Iran: Appeal for supreme leader to halt 'cycle of repression'

Fresh call for prisoner releases and end to ‘show trials’ on eve of president’s inauguration

Iran is caught in a spiralling cycle of repression, Irene Khan, Amnesty International’s Secretary General warned on the eve of Mahmoud Ahmadinejad’s official inauguration (5 August) for a second term as Iran’s president.

Ms Khan called for an immediate end to detentions, torture and unfair trials in response to peaceful protests, saying:

“The inauguration tomorrow should not just be a reinstallation of Mahmoud Ahmadinejad, but the moment for the Supreme Leader and those around him to turn the page on the gross violations that have punctuated recent weeks and have been an all too familiar hallmark for many years.

“Governments around the world - especially those that have strong ties and influence with the authorities in Tehran - must impress upon Iran’s leaders the urgent need to respect human rights.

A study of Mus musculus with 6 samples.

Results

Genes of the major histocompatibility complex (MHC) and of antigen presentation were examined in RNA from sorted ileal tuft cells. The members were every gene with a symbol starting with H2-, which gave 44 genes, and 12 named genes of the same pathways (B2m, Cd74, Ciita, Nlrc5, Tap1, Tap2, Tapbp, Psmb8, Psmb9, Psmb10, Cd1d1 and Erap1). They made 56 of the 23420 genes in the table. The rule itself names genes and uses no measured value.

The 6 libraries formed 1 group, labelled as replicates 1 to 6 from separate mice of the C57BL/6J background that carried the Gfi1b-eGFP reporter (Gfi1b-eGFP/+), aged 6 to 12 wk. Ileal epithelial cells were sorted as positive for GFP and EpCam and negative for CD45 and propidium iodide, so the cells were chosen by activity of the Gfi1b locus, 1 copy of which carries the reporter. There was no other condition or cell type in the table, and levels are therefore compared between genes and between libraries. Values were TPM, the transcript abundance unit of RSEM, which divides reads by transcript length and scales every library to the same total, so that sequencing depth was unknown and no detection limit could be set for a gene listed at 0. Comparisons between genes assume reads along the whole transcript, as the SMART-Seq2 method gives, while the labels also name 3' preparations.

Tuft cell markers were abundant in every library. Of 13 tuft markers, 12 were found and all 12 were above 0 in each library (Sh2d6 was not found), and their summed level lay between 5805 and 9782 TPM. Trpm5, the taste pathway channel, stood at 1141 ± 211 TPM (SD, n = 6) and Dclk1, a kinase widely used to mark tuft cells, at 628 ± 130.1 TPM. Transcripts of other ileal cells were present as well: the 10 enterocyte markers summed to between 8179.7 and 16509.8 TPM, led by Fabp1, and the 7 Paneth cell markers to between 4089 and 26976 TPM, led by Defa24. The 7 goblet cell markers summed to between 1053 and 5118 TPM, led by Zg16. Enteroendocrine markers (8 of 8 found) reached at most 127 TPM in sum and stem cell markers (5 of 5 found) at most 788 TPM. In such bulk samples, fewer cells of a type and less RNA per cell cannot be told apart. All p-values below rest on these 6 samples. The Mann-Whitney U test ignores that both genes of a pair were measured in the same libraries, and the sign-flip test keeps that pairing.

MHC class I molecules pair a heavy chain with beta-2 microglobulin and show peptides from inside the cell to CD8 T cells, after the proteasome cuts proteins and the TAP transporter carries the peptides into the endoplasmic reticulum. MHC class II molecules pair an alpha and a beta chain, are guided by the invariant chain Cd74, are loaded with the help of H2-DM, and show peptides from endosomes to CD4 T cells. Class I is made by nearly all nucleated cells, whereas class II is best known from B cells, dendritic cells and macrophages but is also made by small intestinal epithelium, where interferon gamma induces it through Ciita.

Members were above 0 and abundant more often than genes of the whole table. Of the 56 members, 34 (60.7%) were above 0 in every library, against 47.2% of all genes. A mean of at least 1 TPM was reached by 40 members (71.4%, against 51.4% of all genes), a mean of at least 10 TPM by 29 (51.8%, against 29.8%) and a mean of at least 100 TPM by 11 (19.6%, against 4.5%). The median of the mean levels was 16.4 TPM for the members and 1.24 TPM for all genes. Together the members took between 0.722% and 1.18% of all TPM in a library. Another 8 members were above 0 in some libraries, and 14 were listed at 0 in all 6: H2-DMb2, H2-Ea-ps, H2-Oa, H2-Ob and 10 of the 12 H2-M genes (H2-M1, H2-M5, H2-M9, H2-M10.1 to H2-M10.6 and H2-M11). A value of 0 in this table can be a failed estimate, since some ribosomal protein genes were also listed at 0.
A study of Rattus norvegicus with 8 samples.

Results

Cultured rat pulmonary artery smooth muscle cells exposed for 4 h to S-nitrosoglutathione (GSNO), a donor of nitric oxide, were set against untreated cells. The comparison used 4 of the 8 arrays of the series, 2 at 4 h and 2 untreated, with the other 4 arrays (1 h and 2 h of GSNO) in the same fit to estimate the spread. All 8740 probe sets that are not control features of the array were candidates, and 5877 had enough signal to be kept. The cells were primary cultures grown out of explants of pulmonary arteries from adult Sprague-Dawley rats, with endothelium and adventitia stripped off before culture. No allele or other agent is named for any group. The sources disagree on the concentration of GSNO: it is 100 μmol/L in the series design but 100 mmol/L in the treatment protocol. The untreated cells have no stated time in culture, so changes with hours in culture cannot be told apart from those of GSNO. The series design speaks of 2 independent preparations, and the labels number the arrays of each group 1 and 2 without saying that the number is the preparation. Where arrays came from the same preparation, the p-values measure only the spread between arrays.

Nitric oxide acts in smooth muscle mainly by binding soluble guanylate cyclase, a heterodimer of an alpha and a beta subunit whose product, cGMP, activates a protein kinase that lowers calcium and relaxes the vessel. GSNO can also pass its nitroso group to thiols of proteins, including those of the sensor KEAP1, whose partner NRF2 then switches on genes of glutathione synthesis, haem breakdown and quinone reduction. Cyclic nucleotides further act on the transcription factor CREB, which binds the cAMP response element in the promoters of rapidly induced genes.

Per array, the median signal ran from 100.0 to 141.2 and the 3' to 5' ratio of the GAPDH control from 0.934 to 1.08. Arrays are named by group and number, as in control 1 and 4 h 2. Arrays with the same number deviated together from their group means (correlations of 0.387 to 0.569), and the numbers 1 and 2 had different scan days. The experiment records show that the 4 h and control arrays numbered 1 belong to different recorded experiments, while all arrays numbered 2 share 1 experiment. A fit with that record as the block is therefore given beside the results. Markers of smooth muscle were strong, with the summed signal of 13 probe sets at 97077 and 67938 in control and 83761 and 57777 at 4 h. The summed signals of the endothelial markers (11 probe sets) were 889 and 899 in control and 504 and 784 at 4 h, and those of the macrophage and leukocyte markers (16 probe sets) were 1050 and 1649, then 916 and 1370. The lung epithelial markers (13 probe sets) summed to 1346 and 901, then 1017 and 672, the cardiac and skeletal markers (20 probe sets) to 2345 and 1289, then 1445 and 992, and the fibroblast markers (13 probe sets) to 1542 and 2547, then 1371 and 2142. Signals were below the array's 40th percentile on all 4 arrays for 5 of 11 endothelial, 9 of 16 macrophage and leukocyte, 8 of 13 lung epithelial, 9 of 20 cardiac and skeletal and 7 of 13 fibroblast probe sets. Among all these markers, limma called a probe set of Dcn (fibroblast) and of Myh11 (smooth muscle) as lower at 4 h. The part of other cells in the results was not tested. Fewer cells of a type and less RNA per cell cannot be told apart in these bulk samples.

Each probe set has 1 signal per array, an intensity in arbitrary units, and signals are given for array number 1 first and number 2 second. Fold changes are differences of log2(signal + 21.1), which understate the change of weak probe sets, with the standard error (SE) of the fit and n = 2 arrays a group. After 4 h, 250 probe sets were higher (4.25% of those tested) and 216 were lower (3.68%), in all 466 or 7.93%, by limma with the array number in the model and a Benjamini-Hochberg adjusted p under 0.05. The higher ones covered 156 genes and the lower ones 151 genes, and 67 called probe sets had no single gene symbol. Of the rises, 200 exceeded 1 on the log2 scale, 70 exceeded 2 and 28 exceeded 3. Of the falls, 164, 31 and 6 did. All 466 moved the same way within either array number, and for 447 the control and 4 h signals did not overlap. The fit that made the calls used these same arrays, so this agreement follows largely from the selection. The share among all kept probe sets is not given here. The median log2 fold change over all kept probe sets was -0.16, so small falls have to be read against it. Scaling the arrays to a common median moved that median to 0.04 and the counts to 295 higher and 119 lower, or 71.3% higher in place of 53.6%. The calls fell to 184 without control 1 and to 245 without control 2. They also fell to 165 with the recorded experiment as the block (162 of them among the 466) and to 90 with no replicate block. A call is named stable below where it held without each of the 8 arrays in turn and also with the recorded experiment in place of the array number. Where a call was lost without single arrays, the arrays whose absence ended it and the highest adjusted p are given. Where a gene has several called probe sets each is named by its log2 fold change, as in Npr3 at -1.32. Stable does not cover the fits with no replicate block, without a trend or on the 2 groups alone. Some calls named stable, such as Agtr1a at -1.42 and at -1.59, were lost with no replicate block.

“Iran’s leaders must act, and act now, to stop the violence by security forces, including the Basij militia, whose disregard for the law and for human rights has been so shockingly evident in recent weeks.

“The Supreme Leader and those around him must reverse the current slide into repression and respect the rights of the Iranian people.”

As a first step, Amnesty International is calling on the Iranian authorities to immediately release all those being detained for peacefully protesting the hotly-disputed official result of the 12 June presidential election and ensure that anyone accused of violence is prosecuted according to international fair trial standards.

Ms Khan added:

“It is totally unacceptable that more than 100 critics and protestors are standing trial, behind closed doors, forbidden from having access to either their lawyers or family since their arrest and amid allegations that they have been tortured or ill-treated to make them ‘confess’ to fomenting unrest.

“Their trial appears to be a ‘show trial’ intended to obscure the cause of the protests, to justify the lawless methods that the authorities have used in their efforts to suppress them and to deter others from continuing to protest.”

Irene Khan said the treatment of those being tried contrasted markedly with the impunity afforded to the Basij militia and other security forces:

“It is these so-called security forces that are actually perpetrating crimes - human rights crimes - with impunity. They must be held to account, and the Supreme Leader and his associates have an obligation to ensure this.”